Second Year Student Blog: Anne Kure
Wednesday, August 1, 2018
A Whole Other World
As the plane gently touched down at the Havana airport, a fellow passenger turned to me and said, “Welcome to a whole other world.” I looked out the window to see tarmac, swaying palm trees, and airport workers hurrying about. So far, this was looking a lot like Florida. However, once I stepped out of the airport and saw several American classic cars cruise by, I knew that he was right. Cuba is a unique place that remains a bit of a mystery to most people in the U.S. I knew I was not likely to encounter another opportunity to explore Cuba and its health care system, so I jumped at the chance to travel there with my classmates in the Duke Physician Assistant Program.
Our van stopped in front of the hotel and I stepped out of the air-conditioning into the heavy, warm evening air — our tour guides weren’t exaggerating when they said it would be warm! Starting to sweat, I took my first good look around downtown Havana. I saw a mixture of gleaming new hotels next to buildings that looked frozen in time, now showing years of neglect. The streets were teaming with activity and every mode of transportation you could think of. Our hotel was called a “casa particular,” which is like a Cuban bed and breakfast. Staying at the casa allowed us the opportunity to meet a Cuban family and gain some insight into their daily lives. Another benefit of staying in the casa was the delicious breakfast the family cooked for us each morning. This typically included eggs, freshly baked bread, salad, cheese, fresh tropical fruits and juices, and coffee. Oh, the Cuban coffee is really something! I am from Seattle and admit that I am rather particular about coffee, and this coffee did not disappoint. The casa was ideally located in the heart of Old Havana near the Capital building and many of the popular sites and activities. There was something for everyone there. Over the next few days, we all had opportunities to explore our interests, from music to food to art.
To begin our exploration of Cuban health care, we met Cuban social activists Norma Guillard and Dra. Rosaida Ochoa. Our discussion ranged from LGBTQ rights to HIV/AIDS medical care in Cuba. They unfolded the history of these concerns in Cuba and engaged us in discussion regarding the similarities and differences with the US. Next, we visited a senior citizen’s home called Casa de Abuelos. In Cuba, most senior citizens live with their families. However, they may be at loose ends during the day when family goes to work or school. The casa offers these seniors daily social interaction, activities, and some meals. Much to our delight, the residents prepared a song and skit in honor of our visit and presented us handmade gifts. We were so moved by their welcoming spirit and generosity, especially considering the years of political tension between our two countries they had witnessed in their lifetimes. Next, we visited the School of Public Health where the professors explained the history and structure of the Cuban health care system and informed us of Cuban health outcomes and costs. This provided us the foundational knowledge we needed as we traveled the next day to another city called Cienfuegos to experience the Cuban health care system for ourselves.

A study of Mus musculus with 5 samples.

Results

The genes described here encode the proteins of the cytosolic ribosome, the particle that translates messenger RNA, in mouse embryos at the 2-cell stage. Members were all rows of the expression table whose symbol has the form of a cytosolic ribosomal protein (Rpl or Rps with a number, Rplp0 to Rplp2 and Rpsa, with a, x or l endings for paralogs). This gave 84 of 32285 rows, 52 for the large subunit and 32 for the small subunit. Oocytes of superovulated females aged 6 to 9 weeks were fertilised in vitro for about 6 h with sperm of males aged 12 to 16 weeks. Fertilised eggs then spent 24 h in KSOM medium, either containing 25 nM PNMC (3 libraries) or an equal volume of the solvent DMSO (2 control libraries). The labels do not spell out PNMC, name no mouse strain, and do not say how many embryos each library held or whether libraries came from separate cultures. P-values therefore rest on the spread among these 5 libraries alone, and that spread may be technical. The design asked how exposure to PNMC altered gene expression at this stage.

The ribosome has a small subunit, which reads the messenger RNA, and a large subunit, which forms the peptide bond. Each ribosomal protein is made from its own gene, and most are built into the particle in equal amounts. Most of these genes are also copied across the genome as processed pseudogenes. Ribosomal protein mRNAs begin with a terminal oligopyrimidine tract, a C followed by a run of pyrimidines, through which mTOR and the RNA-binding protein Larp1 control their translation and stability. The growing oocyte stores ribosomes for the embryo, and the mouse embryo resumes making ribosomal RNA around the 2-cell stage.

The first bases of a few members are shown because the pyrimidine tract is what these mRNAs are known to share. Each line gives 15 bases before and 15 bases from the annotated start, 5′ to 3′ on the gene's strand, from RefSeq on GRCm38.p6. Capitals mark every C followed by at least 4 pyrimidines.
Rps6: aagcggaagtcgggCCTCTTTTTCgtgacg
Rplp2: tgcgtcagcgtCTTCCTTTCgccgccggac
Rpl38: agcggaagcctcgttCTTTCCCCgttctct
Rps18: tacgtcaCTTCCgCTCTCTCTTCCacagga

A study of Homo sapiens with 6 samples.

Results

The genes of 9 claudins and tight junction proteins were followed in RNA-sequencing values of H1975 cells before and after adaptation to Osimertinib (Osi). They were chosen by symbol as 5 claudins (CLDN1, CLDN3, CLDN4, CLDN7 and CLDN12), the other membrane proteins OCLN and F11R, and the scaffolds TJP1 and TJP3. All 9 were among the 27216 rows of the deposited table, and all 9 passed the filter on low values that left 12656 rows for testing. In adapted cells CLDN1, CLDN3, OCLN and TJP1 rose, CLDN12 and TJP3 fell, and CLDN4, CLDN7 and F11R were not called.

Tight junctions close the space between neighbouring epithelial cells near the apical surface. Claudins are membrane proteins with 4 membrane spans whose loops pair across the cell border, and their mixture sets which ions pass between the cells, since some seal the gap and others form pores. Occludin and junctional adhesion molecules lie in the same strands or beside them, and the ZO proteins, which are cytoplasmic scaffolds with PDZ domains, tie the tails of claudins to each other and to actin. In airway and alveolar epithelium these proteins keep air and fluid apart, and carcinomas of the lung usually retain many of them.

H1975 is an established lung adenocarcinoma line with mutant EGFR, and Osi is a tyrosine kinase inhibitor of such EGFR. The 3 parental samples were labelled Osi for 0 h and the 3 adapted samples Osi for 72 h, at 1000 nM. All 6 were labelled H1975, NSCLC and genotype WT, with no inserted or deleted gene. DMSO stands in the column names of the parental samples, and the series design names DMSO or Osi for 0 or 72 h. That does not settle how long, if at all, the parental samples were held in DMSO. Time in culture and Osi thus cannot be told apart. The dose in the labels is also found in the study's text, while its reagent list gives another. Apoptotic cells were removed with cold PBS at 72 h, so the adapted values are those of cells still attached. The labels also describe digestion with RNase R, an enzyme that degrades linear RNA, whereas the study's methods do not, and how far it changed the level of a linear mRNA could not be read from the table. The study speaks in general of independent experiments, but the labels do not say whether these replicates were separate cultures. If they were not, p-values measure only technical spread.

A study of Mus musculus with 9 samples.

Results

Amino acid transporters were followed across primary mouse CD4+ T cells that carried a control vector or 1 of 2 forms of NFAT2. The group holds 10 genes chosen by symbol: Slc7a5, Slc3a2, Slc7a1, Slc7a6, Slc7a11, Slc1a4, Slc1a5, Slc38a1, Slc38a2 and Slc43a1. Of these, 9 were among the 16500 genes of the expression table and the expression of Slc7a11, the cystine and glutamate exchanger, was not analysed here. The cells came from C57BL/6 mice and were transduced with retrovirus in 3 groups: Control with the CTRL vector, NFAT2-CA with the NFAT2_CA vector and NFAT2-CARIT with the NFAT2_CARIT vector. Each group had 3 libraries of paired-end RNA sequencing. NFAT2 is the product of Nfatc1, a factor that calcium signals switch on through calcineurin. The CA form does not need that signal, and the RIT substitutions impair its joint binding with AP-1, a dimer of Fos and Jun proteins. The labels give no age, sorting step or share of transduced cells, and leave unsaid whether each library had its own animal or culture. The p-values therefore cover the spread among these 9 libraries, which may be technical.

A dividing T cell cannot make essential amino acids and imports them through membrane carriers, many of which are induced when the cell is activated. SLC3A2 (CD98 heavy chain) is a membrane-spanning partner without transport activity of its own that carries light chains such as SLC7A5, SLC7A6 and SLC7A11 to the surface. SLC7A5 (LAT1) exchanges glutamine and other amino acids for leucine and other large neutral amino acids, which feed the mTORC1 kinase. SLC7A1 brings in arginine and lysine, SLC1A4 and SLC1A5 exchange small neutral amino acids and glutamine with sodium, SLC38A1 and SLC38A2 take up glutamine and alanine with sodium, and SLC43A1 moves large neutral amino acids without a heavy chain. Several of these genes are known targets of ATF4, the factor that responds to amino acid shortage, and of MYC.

Cienfuegos is located about three hours from Havana. Known as the Pearl of the South, it is a lovely town situated on a large bay. Waking up the next morning, I remarked at the mixture of sounds that are so unique to Cuba. All at once, I heard the clopping of a horse-drawn cart interrupted by the buzz of a scooter and blaring horn of a car. Startled by all the noise, the rooster across the street and our casa owner’s dog, Ricky, decided to chime in, as well. After enjoying our morning breakfast and tanking up on coffee, we set out to visit the primary care clinic, called a Consultario. There are several Consultarios throughout Cienfuegos, each one caring for the residents living within a designated area surrounding the clinic. The providers live in the neighborhoods in which they work and know their clients well. If a patient does not show up for a scheduled clinic visit, the provider will simply walk to the patient’s home to complete the visit. This proximity and familiarity helps ensure close patient follow-up. We also visited the Policlinic, which houses many of the medicine subspecialty clinics, and also the local hospital. These facilities represent the various levels of the Cuban health care system from primary care at the local Consultario to tertiary care at the Hospital Gustavo Aldereguia Lima. Before departing Cienfuegos, we explored other aspects of Cuban health care including the Red Cross and a maternity home where expectant mothers with higher risk pregnancies reside to receive close medical monitoring.
Cuba has some of the best health outcomes in the world at a cost that is significantly lower than the U.S. The system is simple to navigate with high patient satisfaction. Most services are free to the patient, including some elective procedures. As I am nearing graduation and finding my role in the U.S. healthcare system, I will continue to reflect on my experiences with the Cuban health care system and providers I met. I will also remember the Cuban people. The unique challenges they have experienced have shaped their strength, creativity, and resilience. They are also some of the most joyful and fun-loving people I have encountered in my travels. Cuba truly is a different world and I am thankful I had the opportunity to experience it while a student in the Duke PA program.
Anne Kure was a second-year PA student with the Duke Physician Assistant Program.
Editor’s note: Duke Physician Assistant Program students blog every month. Blogs represent the opinion of the author, not the Duke Physician Assistant Program, the Department of Community and Family Medicine or Duke University.